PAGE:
Bumblebee Or Egg? | Week 5
This past week, I was finally able to check nest boxes. Great news! I found that around half of the boxes were occupied, which is really good for this early in the season. Around 3 of the boxes had eggs, which is impressive. Below, I will insert a screenshot of how I like to compile my data in a spreadsheet.
As you can see in the photos below, this is what McClellan Trail looks like along with a photo of the apparatus and how we use it to retrieve nest boxes from trees.
While we still don’t know the species of most of the nesting birds, we can predict the species by analyzing what material they use to nest. For example, chickadees prefer bark and fur while bluebirds like using straw; the resident wren likes to use twigs. Also, this week, I put my fingers inside a nest to feel for eggs and found myself touching a bumblebee instead, so this is a reminder to myself that I have to be very careful!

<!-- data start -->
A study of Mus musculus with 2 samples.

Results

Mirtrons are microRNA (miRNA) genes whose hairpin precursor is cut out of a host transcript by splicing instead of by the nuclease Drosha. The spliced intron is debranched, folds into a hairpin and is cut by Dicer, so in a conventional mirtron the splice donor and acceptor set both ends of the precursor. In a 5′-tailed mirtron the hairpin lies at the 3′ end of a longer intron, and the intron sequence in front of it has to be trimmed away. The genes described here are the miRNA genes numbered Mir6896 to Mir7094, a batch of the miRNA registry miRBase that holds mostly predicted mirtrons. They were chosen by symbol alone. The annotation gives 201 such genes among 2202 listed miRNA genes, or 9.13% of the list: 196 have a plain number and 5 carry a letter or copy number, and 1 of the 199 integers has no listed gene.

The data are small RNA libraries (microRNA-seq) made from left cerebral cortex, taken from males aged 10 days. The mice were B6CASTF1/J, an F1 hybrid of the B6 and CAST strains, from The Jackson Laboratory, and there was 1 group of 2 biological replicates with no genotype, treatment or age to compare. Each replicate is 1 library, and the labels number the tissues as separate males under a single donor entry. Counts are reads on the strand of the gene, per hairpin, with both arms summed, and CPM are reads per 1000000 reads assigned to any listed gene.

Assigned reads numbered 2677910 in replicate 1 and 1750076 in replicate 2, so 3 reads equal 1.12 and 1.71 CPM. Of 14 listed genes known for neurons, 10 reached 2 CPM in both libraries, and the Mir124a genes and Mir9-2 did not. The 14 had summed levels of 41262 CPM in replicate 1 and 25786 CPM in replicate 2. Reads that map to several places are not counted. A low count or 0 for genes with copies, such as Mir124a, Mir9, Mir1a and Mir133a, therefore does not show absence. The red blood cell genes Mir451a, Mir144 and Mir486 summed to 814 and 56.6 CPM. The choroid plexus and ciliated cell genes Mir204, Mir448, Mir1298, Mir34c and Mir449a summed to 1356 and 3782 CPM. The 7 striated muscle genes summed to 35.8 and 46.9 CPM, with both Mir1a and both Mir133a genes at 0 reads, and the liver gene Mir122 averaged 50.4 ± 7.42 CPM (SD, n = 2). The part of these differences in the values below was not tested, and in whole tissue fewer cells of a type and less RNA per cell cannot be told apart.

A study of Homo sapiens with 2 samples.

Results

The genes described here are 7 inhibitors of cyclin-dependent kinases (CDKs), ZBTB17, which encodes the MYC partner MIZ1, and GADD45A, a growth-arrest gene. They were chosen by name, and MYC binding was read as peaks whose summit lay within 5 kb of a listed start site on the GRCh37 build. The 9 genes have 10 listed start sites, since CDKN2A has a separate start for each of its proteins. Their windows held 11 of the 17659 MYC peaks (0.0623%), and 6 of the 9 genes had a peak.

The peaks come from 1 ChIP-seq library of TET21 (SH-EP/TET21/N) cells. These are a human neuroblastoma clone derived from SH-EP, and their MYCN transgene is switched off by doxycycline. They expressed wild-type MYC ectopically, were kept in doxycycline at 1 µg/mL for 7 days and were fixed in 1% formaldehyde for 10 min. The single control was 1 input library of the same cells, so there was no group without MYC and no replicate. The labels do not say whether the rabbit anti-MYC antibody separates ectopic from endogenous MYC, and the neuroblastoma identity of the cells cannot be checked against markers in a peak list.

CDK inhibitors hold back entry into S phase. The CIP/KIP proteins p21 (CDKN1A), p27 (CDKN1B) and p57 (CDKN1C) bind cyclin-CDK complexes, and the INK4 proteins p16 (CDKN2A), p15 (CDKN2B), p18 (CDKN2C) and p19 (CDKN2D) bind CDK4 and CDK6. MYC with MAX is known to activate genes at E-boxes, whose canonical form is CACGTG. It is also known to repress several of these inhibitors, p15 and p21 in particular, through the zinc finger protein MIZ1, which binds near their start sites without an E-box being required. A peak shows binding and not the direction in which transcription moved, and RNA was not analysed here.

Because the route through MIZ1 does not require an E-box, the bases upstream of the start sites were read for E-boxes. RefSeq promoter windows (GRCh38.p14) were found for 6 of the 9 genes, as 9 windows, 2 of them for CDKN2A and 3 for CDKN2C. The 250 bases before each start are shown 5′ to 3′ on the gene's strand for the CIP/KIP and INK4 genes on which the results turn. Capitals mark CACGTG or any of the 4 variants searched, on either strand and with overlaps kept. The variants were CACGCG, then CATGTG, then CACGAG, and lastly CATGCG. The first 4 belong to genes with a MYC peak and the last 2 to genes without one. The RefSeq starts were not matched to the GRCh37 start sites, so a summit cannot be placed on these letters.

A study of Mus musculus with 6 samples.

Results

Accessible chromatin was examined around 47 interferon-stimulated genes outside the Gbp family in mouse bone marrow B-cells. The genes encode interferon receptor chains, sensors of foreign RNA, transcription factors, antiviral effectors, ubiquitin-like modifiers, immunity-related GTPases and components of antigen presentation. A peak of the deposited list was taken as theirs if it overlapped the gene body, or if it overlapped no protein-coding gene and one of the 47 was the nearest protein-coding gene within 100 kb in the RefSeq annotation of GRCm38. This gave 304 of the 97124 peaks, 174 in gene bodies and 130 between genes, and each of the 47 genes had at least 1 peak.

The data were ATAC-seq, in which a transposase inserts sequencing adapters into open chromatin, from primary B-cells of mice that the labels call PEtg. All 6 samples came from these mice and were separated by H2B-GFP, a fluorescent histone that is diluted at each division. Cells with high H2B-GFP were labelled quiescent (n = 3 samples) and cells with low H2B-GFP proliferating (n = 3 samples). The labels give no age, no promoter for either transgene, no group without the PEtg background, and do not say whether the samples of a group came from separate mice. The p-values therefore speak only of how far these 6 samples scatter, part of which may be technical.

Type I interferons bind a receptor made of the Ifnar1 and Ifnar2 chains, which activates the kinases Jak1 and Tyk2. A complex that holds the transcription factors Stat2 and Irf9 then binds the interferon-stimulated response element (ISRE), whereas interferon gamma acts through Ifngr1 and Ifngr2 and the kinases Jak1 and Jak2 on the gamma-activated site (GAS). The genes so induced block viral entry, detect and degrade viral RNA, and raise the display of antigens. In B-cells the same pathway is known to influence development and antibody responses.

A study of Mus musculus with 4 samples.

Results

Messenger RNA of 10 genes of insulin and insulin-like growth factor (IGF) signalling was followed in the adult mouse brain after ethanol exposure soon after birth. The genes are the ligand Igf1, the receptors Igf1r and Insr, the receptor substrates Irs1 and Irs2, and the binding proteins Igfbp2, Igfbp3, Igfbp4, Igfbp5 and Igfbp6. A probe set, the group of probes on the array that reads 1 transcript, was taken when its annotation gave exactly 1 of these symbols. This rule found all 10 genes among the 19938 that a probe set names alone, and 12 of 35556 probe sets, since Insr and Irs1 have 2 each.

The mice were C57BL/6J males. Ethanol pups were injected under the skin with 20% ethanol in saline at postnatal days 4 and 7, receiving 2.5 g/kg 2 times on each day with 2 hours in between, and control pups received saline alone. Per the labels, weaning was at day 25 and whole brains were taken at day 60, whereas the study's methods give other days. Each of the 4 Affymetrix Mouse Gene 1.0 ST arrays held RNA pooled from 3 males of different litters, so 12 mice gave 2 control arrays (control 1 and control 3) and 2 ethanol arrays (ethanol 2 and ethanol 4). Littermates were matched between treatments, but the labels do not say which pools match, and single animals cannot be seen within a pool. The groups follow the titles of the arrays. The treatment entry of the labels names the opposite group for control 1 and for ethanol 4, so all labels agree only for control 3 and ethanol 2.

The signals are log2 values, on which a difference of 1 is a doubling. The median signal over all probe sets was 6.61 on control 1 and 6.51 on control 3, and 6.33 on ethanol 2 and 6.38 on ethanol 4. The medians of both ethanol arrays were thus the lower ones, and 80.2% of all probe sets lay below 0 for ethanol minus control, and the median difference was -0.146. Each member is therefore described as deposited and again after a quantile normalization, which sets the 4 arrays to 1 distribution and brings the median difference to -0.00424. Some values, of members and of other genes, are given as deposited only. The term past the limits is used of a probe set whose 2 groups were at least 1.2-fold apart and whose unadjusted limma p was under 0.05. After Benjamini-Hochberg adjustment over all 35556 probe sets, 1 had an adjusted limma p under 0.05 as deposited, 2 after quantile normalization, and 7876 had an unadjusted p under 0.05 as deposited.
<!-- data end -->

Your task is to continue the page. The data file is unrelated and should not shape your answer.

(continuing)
Additionally, I have one more exciting photo of a nest which I am going to focus on for the remainder of this week’s blog. This nest is a great example of how I, as a monitor, can make inferences about a nest and the things that I should look for when opening a box.
As you can see, the box is mainly consisted of redwood bark and there are six eggs in the nest. Immediately, my instincts tell me that this is a chickadee nest. While I do not have confirmation that a chickadee is nesting here, I am 99% sure that that’s the case. Because collecting data is objective and I can’t let hunches determine how I record observations, the species of this nesting bird is still a big question mark.
Hopefully next week we have more eggs and see you soon!